Publish date: 12 April 2019
Issue Number: 66
Diary: CompliNEWS
Category: General

By Lee Rossini

Deciding on new strategic priorities is an easy part of the strategic management process. The challenges lie in the implementation and execution of the chosen strategies. The responsibility lies with management to convert the strategies into action plans which ensure that things get done to achieve the vision and objectives of the business. This consists of actions such as motivating employees, introducing new programs which will build knowledge and competencies, ensuring continuous improvement in processes and meeting or beating the performance objectives. Implementation and execution can be especially tough in a small financial advice business where the owner is the manager as well as the principal financial adviser.   

This sounds easier than it is. The manager or managers involved in developing and managing the action plans require a range of skills to get the implementation process moving. These include people-management skills, using initiative to kickstart the various plans, maintaining perseverance to keep the plans going, especially when things get tough and challenging and the ability to deal with any number of issues, small and large, that may arise during the implementation process.

The reality of coming up with a new strategy is that not everyone in the business will be willing to implement it. Employees may not see the benefit of the new strategy or they may be concerned about their jobs if the strategy is implemented. For example, if management decides to make use of a robo-advice system, para-planners may feel threatened about the future of their jobs. Long-standing unhealthy business culture, attitudes, inertia and practices are also likely to present challenges when implementing new strategies. Overcoming these issues and building consensus around the benefits of the new strategies and the reasons for it takes skill, time and focus.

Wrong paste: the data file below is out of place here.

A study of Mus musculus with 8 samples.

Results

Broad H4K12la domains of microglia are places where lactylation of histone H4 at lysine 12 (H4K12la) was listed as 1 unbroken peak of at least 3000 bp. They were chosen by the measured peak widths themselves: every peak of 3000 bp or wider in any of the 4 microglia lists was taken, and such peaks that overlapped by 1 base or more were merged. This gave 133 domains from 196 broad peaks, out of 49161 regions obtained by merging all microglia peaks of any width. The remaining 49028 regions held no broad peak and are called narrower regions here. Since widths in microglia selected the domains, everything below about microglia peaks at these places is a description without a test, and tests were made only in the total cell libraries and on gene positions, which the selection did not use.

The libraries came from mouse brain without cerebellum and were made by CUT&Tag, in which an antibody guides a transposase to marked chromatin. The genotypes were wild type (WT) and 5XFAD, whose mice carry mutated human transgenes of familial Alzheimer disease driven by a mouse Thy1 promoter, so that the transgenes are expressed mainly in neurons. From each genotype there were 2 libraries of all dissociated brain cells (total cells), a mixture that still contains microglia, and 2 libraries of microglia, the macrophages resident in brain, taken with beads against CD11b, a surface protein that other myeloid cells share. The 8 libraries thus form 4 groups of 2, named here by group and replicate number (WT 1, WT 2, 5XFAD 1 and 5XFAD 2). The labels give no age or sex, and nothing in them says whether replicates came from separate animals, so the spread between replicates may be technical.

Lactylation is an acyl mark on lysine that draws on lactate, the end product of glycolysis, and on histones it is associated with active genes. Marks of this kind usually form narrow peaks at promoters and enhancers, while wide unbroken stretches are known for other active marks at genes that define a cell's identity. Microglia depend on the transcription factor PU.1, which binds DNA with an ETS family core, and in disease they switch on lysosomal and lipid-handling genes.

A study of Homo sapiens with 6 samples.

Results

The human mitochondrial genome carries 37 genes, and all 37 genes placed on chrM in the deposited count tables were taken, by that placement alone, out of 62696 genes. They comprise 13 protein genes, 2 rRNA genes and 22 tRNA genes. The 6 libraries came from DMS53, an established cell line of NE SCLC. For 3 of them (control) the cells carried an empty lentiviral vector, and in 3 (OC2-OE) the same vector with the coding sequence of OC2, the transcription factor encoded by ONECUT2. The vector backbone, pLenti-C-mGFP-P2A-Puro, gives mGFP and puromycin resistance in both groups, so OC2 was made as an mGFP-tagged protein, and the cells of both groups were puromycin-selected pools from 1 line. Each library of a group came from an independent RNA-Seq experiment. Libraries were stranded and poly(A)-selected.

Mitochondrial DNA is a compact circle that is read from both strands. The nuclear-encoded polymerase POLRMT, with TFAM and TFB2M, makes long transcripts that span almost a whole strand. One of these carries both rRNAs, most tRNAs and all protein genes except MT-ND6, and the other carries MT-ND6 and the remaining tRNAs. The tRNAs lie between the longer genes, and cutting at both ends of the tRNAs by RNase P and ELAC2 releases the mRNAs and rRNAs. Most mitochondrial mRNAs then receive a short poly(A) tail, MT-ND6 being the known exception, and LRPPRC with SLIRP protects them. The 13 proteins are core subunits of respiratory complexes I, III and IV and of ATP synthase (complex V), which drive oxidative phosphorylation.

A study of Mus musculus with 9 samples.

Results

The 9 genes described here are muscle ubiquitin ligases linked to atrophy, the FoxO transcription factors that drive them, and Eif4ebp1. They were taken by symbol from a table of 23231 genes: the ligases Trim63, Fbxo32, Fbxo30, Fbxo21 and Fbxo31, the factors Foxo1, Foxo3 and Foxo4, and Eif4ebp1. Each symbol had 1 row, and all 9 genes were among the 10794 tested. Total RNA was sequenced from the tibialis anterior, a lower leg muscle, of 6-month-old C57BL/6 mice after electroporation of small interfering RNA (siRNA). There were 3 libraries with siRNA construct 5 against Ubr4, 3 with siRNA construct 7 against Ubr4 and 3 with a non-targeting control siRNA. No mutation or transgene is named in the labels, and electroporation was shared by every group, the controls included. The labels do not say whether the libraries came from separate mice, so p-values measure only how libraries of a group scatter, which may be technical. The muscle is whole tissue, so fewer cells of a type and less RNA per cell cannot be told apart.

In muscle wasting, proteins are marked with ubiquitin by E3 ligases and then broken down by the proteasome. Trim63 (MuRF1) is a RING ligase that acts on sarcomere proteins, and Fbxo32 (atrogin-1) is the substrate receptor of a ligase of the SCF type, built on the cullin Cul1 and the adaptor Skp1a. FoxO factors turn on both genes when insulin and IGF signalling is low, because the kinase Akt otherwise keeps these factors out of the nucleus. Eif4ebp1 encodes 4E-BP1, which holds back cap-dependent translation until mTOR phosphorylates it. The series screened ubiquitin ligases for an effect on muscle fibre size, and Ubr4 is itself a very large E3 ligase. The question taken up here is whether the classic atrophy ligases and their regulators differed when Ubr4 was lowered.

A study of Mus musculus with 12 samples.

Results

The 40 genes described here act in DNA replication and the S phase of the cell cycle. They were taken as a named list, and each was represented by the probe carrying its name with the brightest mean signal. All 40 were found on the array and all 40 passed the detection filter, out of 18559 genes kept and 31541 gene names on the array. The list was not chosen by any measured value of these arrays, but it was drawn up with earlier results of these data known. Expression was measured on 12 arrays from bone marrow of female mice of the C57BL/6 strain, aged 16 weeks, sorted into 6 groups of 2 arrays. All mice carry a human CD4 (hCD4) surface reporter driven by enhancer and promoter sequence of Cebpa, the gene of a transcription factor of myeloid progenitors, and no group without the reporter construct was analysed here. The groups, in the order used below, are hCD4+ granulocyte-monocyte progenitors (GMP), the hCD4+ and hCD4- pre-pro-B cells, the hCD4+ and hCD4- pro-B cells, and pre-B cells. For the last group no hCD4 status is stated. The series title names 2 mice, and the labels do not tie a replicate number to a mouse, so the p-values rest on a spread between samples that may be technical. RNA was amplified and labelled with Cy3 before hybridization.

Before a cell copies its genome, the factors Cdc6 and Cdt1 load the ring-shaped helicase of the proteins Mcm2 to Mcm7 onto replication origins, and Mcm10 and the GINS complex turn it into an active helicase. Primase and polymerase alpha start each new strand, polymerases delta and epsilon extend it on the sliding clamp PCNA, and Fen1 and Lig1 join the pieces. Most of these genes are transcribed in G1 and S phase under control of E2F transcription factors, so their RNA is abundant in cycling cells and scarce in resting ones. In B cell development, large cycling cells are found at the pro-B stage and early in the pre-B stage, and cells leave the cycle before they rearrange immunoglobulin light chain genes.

Although the CEO and senior managers are ultimately responsible for the implementation and execution of the new strategies, every employee in the business should be asking and thinking through the answers to the following question: 'What has to be done in my area to implement my part in the strategic plan, and what should I do to get these things done?' This encourages employees to be responsible (even if only for a small part) of the implementation of different aspects of the strategy.

Although there are no strict guidelines to be followed when implementing strategy as the situation and issues will be peculiar to a business, there are certain tasks that will support the process. These tasks include:

  • Identifying the competencies, knowledge and resources needed to execute the strategy.
  • Developing budgets which move resources into the actions that are critical to the strategy.
  • Checking that existing policies and procedures support the strategy.
  • Instituting best practices and encouraging continual improvement of these practices.
  • Ensuring that employees can carry out the aspects that are relevant to their jobs.
  • Linking rewards and incentives to the achievement of performance objectives and strategy implementation.
  • Creating a work environment and culture which is supportive of and committed to achieving the strategy.
  • Maintaining leadership focus on implementation and improvement of strategy.

Although these tasks can sound onerous, by thinking them through and applying them in a manner which is relevant to the business, the chances of successfully implementing a strategy will increase significantly. Making changes to business strategy relies on the effective and persuasive communication of why the changes are necessary to the future of the business. The owners and managers should lead employees on the journey of change in a manner which is motivating and demonstrates their own commitment to achieving the vision and strategic objectives of the business.   

Source:  Thompson Jr AA and Strikland III AJ Strategic Management: Concepts and Cases 13th ed (2003) McGraw-Hill 

Working Smart

By Lee Rossini

Most candidates arrive at an interview aiming to dazzle and leave a lasting impression. However, interviewing candidates for a position can be a mentally tiring process for the interviewer. More importantly, how do you make the right decision based on an hour interaction with a person who is prepared to only show you their best side? Being well prepared and making use of a structured interview process can assist in overcoming some of the challenges.